Should Monica Lewinsky change her name considering it may always be tainted following the cheating scandal with past U.S. President Bill Clinton? Lewinsky has recently called herself “Patient Zero” in terms of being the first, most humiliated woman on the Web, but she is keeping her name and is not ashamed of who she is. Page Six News reveals this Monday, November 24, 2014, that despite all of the controversy and scandal from 1998, she never once thought about the idea of actually changing her name, and shares her inner feelings in a brand new interview.
As many people can attest when they look back, Monica Lewinsky became a household name after it was discovered that she had a sexual affair in the White House with Bill Clinton, the former President. Yet the previous intern recently shared her thoughts with Porter magazine about how she feels now about the scandal going public. While she may have been living the past 15 years or so out of the spotlight, she is now ready to make a comeback as a proud supporter of anti-bullying initiatives on the Internet.
The dark-haired beauty spoke about the rumored “Monica Lewinsky change name” gossip in her interview with the publication. She also posed for a stylish fashion shoot, which will be featured inside Porter magazine upon its release. Lewinsky says that she remains proud of her name and who she is, regardless of her being the unofficial “Patient Zero” or her infidelity with the former U.S. leader. She did admit that she is forced to use an alias for privacy reasons on occasion.
“No one else in the investigation had to change their name,” Monica revealed in a statement. “Why should I? I use aliases at times to protect my privacy, but I’m not ashamed of who I am.”
According to the Washington Times, the shameless 41-year-old has recently dubbed herself a unique set of nicknames. Lewinsky says that she was at one point the most “humiliated” woman in the entire world, and believes that she was “Patient Zero,” meaning she was the very first person to have had their standing and status utterly disgraced on the Web — and across the whole world, for that matter. She used this phrase this October 30 during a talk at the Forbes Under 30 Summit gathering.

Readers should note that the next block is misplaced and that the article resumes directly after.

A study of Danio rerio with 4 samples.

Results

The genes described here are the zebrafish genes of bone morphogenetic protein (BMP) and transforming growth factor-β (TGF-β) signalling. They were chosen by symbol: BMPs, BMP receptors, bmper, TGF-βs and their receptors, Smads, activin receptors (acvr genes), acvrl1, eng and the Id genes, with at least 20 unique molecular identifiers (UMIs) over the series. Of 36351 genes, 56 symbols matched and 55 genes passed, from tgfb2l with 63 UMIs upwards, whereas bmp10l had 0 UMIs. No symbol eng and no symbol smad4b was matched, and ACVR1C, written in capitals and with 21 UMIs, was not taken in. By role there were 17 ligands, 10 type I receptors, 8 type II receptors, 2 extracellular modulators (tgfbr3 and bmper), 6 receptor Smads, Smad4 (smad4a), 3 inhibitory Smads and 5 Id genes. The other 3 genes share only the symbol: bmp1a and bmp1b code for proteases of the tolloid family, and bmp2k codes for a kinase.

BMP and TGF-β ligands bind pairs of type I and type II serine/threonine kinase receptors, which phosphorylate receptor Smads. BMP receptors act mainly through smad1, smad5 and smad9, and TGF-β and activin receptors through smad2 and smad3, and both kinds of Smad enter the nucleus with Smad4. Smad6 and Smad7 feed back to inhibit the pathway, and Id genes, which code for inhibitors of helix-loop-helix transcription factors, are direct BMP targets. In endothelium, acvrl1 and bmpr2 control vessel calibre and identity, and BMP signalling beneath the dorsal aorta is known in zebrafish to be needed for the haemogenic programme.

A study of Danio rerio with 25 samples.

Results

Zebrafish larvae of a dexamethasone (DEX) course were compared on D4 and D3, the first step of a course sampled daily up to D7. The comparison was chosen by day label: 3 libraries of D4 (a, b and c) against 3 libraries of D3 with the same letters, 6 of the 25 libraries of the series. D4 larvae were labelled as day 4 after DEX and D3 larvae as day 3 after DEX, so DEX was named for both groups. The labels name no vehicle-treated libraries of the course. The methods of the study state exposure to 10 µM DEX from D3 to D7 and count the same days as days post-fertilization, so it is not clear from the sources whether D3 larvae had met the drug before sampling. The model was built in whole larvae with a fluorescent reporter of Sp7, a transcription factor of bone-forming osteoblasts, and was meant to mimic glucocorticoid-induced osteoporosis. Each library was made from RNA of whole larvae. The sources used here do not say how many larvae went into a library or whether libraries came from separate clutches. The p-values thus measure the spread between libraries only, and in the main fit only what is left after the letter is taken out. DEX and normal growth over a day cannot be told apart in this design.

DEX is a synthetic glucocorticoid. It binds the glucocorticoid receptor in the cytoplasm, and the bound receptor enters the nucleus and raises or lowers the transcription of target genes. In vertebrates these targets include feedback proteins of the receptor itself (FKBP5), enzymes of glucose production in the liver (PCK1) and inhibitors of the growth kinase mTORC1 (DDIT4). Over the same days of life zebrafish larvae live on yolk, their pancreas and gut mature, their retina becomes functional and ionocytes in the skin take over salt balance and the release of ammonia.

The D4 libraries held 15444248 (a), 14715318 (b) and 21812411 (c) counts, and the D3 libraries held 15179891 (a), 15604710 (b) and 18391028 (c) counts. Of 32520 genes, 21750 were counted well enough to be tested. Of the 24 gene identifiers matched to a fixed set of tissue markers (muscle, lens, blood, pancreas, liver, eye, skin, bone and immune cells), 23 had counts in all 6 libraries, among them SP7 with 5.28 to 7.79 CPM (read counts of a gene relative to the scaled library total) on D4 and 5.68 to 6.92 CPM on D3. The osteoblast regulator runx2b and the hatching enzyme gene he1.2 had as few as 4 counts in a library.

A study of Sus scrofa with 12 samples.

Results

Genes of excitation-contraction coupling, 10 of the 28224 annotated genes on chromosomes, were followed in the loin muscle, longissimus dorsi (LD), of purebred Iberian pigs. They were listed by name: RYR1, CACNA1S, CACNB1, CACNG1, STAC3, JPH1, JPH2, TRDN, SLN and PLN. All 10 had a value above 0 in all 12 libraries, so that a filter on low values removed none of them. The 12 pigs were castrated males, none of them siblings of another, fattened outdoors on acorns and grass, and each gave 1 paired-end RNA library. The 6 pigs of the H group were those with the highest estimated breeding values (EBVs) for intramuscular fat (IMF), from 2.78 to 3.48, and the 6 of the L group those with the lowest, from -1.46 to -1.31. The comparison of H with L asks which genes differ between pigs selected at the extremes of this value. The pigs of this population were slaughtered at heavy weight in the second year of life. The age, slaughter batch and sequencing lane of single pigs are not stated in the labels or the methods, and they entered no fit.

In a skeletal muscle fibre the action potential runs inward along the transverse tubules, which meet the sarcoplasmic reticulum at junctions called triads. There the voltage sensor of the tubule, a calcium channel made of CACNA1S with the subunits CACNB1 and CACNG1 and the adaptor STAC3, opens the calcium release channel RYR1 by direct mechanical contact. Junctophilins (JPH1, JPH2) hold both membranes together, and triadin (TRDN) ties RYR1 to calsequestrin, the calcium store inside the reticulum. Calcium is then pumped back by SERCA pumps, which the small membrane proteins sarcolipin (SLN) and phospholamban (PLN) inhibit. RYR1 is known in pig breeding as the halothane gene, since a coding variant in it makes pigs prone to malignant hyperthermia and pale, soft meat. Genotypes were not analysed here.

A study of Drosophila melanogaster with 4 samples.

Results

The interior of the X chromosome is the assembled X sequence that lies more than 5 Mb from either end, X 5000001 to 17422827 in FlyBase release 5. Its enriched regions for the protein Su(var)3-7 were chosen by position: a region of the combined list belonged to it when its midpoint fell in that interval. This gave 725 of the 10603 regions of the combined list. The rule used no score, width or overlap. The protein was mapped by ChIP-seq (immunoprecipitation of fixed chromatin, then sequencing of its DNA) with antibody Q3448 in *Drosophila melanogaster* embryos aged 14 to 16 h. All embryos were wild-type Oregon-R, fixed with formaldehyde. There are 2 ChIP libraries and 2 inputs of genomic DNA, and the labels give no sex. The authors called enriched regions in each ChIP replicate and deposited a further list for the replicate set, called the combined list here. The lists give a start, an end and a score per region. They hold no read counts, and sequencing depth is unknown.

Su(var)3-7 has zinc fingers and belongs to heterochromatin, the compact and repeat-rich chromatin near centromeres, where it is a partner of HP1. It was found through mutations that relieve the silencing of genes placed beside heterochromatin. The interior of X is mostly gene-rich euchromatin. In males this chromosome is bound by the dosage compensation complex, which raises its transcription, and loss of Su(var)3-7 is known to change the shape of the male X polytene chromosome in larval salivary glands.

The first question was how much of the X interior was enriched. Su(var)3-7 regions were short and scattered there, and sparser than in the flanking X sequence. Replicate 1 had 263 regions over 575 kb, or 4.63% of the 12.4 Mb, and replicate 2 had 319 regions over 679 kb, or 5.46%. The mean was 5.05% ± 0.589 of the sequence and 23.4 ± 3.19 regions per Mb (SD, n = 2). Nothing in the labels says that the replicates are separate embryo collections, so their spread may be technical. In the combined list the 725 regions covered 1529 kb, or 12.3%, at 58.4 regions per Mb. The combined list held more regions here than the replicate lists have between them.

In the interview with Porter magazine, Monica Lewinsky admits although she never changed her name, she suffered mentally over the past decade and a half following the affair with Bill Clinton. The 41-year-old admits that she was thinking about suicide for an extended period of time, and dealt with ongoing depression for years while she lived and worked between London and New York. Even now, everyone knows the name Monica Lewinsky — she says that the utter loss of privacy is one of the most challenging aspects she currently faces.
“For a long time I didn’t realize the implication of simple things, like looking for an apartment. Now when I fill out a form I have to think, ‘Will somebody go to the press with my private information?’”
The worst of all in terms of Monica Lewinsky’s name and her refusal to change it was back in 1998, when the scandal with former U.S. President Clinton was at its controversial peak. She said that there was a time afterwards she feared she might never even find work again following the affair’s aftermath. The full interview will be made available via Porter Magazine this Friday everywhere.
“In 1998 . . . I was terrified every morning for eight months that I would be indicted, then ultimately convicted and put in jail … I graduated from the London School of Economics with a master’s in social psychology,” Lewinsky says. “I had been job-hunting with little — really, no — success. It was at that point . . . that I began to realize how much damage has been done to my reputation — what had been taken from me. It was a frightening time filled with much despair, and anxiety and hopelessness.”